I can't put solar panels on the roof because the house is situated wrong for them. There's no room for them in the yard and I couldn't afford them anyway. I'm not sure they would pay off fast enough for me.
What I can do isn't exactly off the grid, but why not do what we can?
Here's what I can do:
1. Solar battery charger. There are all kinds out there, but there are some simple ones that work any time the sun is shining. You can get them that will charge anything from a hearing aid battery to a laptop battery and they can be found a whole lot cheaper than buying batteries over even a short period of time. You can use the same batteries over and over and over and it won't cost you a penny to recharge them. I can afford that.
2. Solar oven. On a hot summer day, I don't want to turn on the stove or do anything at all to increase the heat in the house! I bought a solar oven for less than $150 and it will last years and years - far longer than it takes to pay for itself in electricity (or gas, if that's the kind of cookstove you have). Besides that, it's fun. AND it's convenient. Put your food into it and forget about it. It won't burn even if you're late. I like that and I can afford it, too.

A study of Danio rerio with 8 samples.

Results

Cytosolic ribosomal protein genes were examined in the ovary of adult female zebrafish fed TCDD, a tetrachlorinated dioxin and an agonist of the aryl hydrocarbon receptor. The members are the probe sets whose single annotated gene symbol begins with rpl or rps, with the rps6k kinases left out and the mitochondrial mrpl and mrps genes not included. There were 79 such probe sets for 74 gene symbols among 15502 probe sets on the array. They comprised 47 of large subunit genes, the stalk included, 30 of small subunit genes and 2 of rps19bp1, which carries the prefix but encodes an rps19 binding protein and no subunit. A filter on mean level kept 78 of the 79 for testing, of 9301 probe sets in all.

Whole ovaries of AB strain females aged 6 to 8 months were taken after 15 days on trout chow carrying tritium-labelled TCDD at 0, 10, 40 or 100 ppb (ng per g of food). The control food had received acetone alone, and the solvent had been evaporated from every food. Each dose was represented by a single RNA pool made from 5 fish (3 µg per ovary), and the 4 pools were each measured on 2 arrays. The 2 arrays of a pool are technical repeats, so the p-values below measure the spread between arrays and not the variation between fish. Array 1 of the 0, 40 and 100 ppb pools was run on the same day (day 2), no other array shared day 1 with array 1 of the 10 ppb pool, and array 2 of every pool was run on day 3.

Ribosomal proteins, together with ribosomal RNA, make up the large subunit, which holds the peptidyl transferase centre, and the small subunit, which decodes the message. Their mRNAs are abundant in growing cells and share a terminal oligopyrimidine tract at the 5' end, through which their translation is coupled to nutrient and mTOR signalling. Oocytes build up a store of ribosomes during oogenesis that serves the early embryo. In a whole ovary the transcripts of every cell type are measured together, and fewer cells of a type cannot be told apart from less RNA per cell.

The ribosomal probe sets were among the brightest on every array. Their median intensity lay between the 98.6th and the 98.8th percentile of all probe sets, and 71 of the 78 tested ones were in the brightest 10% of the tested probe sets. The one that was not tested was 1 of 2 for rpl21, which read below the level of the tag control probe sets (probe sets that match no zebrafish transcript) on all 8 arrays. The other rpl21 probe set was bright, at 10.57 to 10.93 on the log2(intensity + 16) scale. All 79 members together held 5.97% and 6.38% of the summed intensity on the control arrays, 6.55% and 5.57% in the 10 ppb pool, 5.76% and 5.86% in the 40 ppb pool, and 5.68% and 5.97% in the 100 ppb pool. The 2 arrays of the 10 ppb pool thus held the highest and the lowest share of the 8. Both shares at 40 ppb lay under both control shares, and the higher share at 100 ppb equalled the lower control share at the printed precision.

3. Solar clothes dryer. Hang your clothes on a line outside in the sunshine and let the sun do the work. It works even in the winter and any time it isn't raining or snowing (or hailing or sleeting). The cost of setting up a solar clothes dryer isn't much, and the cost of a few clothespins is even less. As a matter of fact, the whole set up can pay for itself in less than a month. I can afford that!
4. Do-it-yourself solar heat booster. You can help warm your home by opening the window covers during sunny weather, of course, but you can take that another step and line your windowsill with cans painted black and filled with water. If you can put lids on the cans, so much the better. Put the cans in the windows then close the drapery or curtains. The water will heat up in the sun and give up its heat when the air around it is cooler. You can move the cans back into the room to get the most use of the heat when you need it.
5. Solar water heater. No fancy setup needed. Just put out a jar of water on a sunny day and wait for it to heat up. Want it hotter than that? Use the solar oven concept and put a dark or black container under or inside a glass container. Or just run a little water through a garden hose and leave it in the sun. Hot water from a garden hose may not be safe enough to make tea,, but you can wash dishes or clothes in it or do other cleaning that needs hot water.
Yep... that's solar power that I can afford!